Cheap, versatile and plentiful, earthworms are one of the most effective baits available to the coarse fisherman. But for best results you need to know how to look after them properly.
Earthworms have been used as a bait for fish for a thousand years and more, and today they are just as effective. All species of freshwater fish can be caught on worms, and indeed several record fish have fallen to this bait. Even the salmon or trout may be taken in this way, sometimes deliberately, sometimes by chance.
There are some 25 kinds of earthworm found in Britain, but only three species are of real interest to the coarse fisherman – the lobworm, the redworm and the brandling. The lobworm, sometimes called the dew-worm, is the largest, the most used as bait and probably the easiest to find. It can be fished whole for the bigger species, but just the head or tail, commonly offered to roach and dace, will often take larger fish too.
Lobworms may be gathered from a lawn, but if the grass is long it may be difficult. Cricket pitches and close-cut sports fields will also yield lobworms in plenty if access, at the right time, is available to the angler. The best periods are after dark and following a heavy dew or shower or, when conditions are dry, after a lawn has been watered. Early morning can also prove fruitful for worm collecting. It is important to move stealthily, for worms are very sensitive to vibrations and will soon dig themselves in if disturbed. At night it is necessary to use a dim torch or a beachcaster*s lamp that straps on to the head and leaves both hands free. A worm must be seized quickly and firmly when it has come partly out of its hole on to the wet grass.
Carry a tin of fine sand in which to dip your fingers to give them a grip on the slippery creature. The lobworm has tiny clusters of erectile bristles at intervals along its length, and these enable it to grip the sides of its burrow. So having got hold of the worm, maintain a steady pressure until it relaxes and comes out smoothly with its fish-attracting tail intact.
The redworm is a smaller species, not usually over 4in long, and is a useful roach, dace, bream and perch bait, although any species of worm may appeal to all freshwater fish. This worm is found in compost heaps, and under large stones or rotting logs; any sizeable object in the garden could conceal enough worms for a good day’s fishing.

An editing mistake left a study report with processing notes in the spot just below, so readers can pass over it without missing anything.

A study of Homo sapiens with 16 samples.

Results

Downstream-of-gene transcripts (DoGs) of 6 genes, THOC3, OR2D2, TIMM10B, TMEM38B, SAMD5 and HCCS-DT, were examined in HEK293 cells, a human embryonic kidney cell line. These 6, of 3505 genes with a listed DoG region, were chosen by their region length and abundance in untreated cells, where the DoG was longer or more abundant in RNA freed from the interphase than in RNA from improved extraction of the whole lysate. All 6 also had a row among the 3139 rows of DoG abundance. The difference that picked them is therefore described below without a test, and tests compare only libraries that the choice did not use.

The brandling is of similar size to the redworm but is distinguishable by a series of yellowish rings around its red, often shiny, body. It can be collected from manure piles or compost heaps. The presence of a compost heap will, of course, mean a regular supply of worms. If the wormery is tended by adding potato peelings, tea leaves and vegetable waste, the worms will grow much bigger and probably breed there, thus supplying a constant store of bait. Where grassy conditions are suitable, worms can be dug at the river bank. Be careful to fill all the holes in and not leave places which other anglers can stumble over.
Cleaning and toughening
Although very effective on the hook, most worms become soft and lifeless very quickly in water and often drop off the hook during casting out. Their quality can be improved to overcome this by allowing the worms to work through a good soil for a few days prior to use. Sink a box in the earth, providing small holes in the bottom for drainage. Place the worms on a bed of soil (a dark, loamy kind is best) and cover with sacking. In wriggling through the soil they will scour themselves to emerge brighter and so more attractive to the fish. They will also be tougher, and will stay on the hook longer and wriggle more enticingly. ‘Faddist’ used to recommend that worms be kept in fine red sand or brickdust, suggesting that this gave them an added colouring as well as making the texture of their skins much tougher.
Alternatively, a bucket containing sphagnum moss (obtainable cheaply
from a florist) provides a medium for cleaning and toughening your worm bait. They will burrow through the moss, which should be damp but not wet. To keep worms fresh immediately before and during use, put them in clean moss and place in a linen bag. Tins and jars should be avoided, for they do not allow the worms to breathe properly. Remember also to weed out dead and dying worms, for one dead worm in a bait tin tends to trigger off an extremely fast mass mortality among the rest.
Hooking the worm
It is important to hook a worm correctly, for this ensures that it stays on the hook and that it will wriggle naturally to attract the fish. A whole worm can be hooked anywhere along its length. If necessary, pierce a long worm several times and feed it along the hook. Tails or pieces of worms should present no problem and stay on the hook. In general do not try to cover the hook, for a worm is a very tempting bait and, if lively, will probably wriggle enough to expose part of the hook anyway.
Apart from using a single hook, there is the two-hook rig known as pennell tackle, and the two- or three-hook Stewart Tackle. These multiple-hook rigs are best when the whole of a big lobworm is used.
Look after worms, they are an all-purpose, all-weather angling bait.